The Liberal government has forged a new link in the chains that increasingly bind our Canadian Forces to the Pentagon.
Last week, the first Canadian soldiers departed on Canada's new, more aggressive role in Afghanistan under U.S. command as part of Operation Enduring Freedom. Their mission is to prepare the ground in the strife-ridden southern city of Kandahar to receive the more than 2,000 Canadian troops and secret commandos who will arrive over the next 12 months.
The irony is that Canadian soldiers are deploying with the American war effort at a time when even the Pentagon acknowledges there may be no military solution in Afghanistan, but only a political one. This admission has opened the door to U.S. negotiations with the Taliban.
This new mission for the Canadian Forces in Afghanistan could be a ticking time bomb for the Liberals.
If things go badly, many soldiers could be returning in coffins, killed in a war that has little, if any, meaning for most Canadians. Even worse, it could result in Canada becoming the target of a major terrorist attack here at home.
The car bombs and suicide attacks so commonplace in Iraq are now spilling over into Afghanistan. The CIA acknowledges that Iraq has become a magnet for terrorist organizations and serves as a recruiting, training and staging ground for operations throughout the region. Taliban and al Qaeda attacks are becoming more frequent, and Canadian troops may find themselves in the same quagmire as the Americans in Iraq.
Without doubt, the government is taking a big risk. As a Foreign Affairs official told reporters, Canada is opening a new chapter in Afghanistan, and Defence Minister Bill Graham is warning Canadians to expect casualties.
The U.S. has lost 36 soldiers in Afghanistan already this year, the highest death toll since the invasion. Seven Canadian soldiers have been killed there since 2001.
There's little doubt that terrorists seeking revenge for Canada's occupation of Afghanistan will see our country as a target. That's why, in the wake of the terrible attacks against London, Public Safety Minister Anne McClellan took every opportunity to remind Canadians that we could be next.
In effect, the government is trying to prepare Canadians for the worst, in the hope that if something awful, such as a bomb exploding on the TTC, does happen, Canadians won't hold the Liberals responsible.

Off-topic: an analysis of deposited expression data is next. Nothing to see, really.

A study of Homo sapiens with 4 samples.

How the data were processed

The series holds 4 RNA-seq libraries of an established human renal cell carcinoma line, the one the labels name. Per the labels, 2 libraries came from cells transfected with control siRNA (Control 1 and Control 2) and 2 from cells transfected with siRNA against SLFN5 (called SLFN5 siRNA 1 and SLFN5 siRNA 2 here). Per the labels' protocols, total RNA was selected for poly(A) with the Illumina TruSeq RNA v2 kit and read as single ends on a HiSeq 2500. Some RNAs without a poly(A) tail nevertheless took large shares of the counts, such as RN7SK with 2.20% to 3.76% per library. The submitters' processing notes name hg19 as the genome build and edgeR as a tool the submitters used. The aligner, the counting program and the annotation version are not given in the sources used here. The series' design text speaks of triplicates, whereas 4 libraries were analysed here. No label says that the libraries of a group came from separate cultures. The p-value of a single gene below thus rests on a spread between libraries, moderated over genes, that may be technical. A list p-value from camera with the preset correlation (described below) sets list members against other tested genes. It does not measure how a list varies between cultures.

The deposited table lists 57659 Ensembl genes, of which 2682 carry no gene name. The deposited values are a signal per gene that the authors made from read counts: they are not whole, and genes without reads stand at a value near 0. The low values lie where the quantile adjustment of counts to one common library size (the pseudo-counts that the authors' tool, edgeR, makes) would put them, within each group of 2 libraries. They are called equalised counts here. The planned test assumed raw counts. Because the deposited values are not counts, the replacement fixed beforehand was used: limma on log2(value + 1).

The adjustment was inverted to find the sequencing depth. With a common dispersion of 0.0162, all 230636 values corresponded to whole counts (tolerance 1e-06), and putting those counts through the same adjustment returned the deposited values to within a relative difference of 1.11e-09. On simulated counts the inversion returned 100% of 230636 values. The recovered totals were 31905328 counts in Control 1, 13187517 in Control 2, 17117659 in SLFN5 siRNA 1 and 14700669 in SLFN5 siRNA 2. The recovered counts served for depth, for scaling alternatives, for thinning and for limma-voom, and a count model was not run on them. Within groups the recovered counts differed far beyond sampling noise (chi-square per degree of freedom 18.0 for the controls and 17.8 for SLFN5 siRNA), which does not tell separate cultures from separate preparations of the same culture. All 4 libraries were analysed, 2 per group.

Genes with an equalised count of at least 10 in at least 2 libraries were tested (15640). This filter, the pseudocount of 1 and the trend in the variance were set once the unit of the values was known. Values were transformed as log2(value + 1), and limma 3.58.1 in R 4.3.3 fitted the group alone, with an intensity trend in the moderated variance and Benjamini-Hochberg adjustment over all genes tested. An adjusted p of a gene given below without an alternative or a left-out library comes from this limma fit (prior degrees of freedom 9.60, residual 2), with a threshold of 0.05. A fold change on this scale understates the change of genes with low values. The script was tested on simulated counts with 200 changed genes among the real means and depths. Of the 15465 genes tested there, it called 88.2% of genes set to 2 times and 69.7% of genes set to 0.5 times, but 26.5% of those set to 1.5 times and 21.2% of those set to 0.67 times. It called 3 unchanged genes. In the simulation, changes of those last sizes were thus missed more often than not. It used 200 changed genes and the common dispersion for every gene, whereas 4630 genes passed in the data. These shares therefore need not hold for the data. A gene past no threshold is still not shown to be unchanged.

To be sure, the average Canadian has little idea what the government is getting us into. Andrew Sullivan from the polling firm EKOS Research said recently, "We still subscribe to the anachronistic view of [our soldiers as] peacekeepers . It's an image that people cling to pretty tenaciously."
And this is the dilemma the government faces. On the one hand, Paul Martin wants to push Canada toward deeper security integration with the U.S., a move applauded by his big-business backers and Canada's defence lobby.
But to get the Canadian public to embrace the aggressive U.S. approach to warfare, taking on its risks, the government will have to convince Canadians to give up the notion of Canada as a peacekeeper.
Canadians won't be able to fight alongside Americans and still maintain the aura of peacekeepers.
Peggy Mason, Canada's former ambassador for disarmament and arms control affairs at the United Nations and an expert on peacekeeping, says the differences between U.S. war-waging and Canadian peacekeeping are irreconcilable. "The American war fighters operate on the basis of overwhelming force and making deals with local warlords where it is deemed expedient to do so," says Mason. "These forces were not helping to build the peace.... Their objective is the elimination of the Taliban and serving the perceived security interests of the United States."
James Dobbins, President Bush's first envoy to Afghanistan, agrees with Mason. He says the U.S. suffers from "a generally negative appreciation of peacekeeping and nation building as components of U.S. policy, a disinclination to learn anything from Bosnia and Kosovo." Furthermore, "the U.S. focus on force protection and substitution of firepower for manpower creates significant collateral damage [i.e., civilian deaths]."
It is the adoption of the U.S. attitude by Canadian soldiers that should be most alarming for the Liberals, and indeed all Canadians.
We were given an insight into this shift when Martin's choice to lead the military, General Rick Hillier, explained his views on the upcoming peacekeeping mission to reporters: "We are the Canadian Forces, and our job is to be able to kill people."
Hillier's controversial remarks won high praise from newspaper editorialists and political leaders alike - even NDP leader Jack Layton.
If the day has arrived when the NDP agrees with the Conservatives, then perhaps Paul Martin has little to worry about as he closes the book on Canadian involvement in UN peacekeeping and instead links arms with the Pentagon and the global war on terrorism.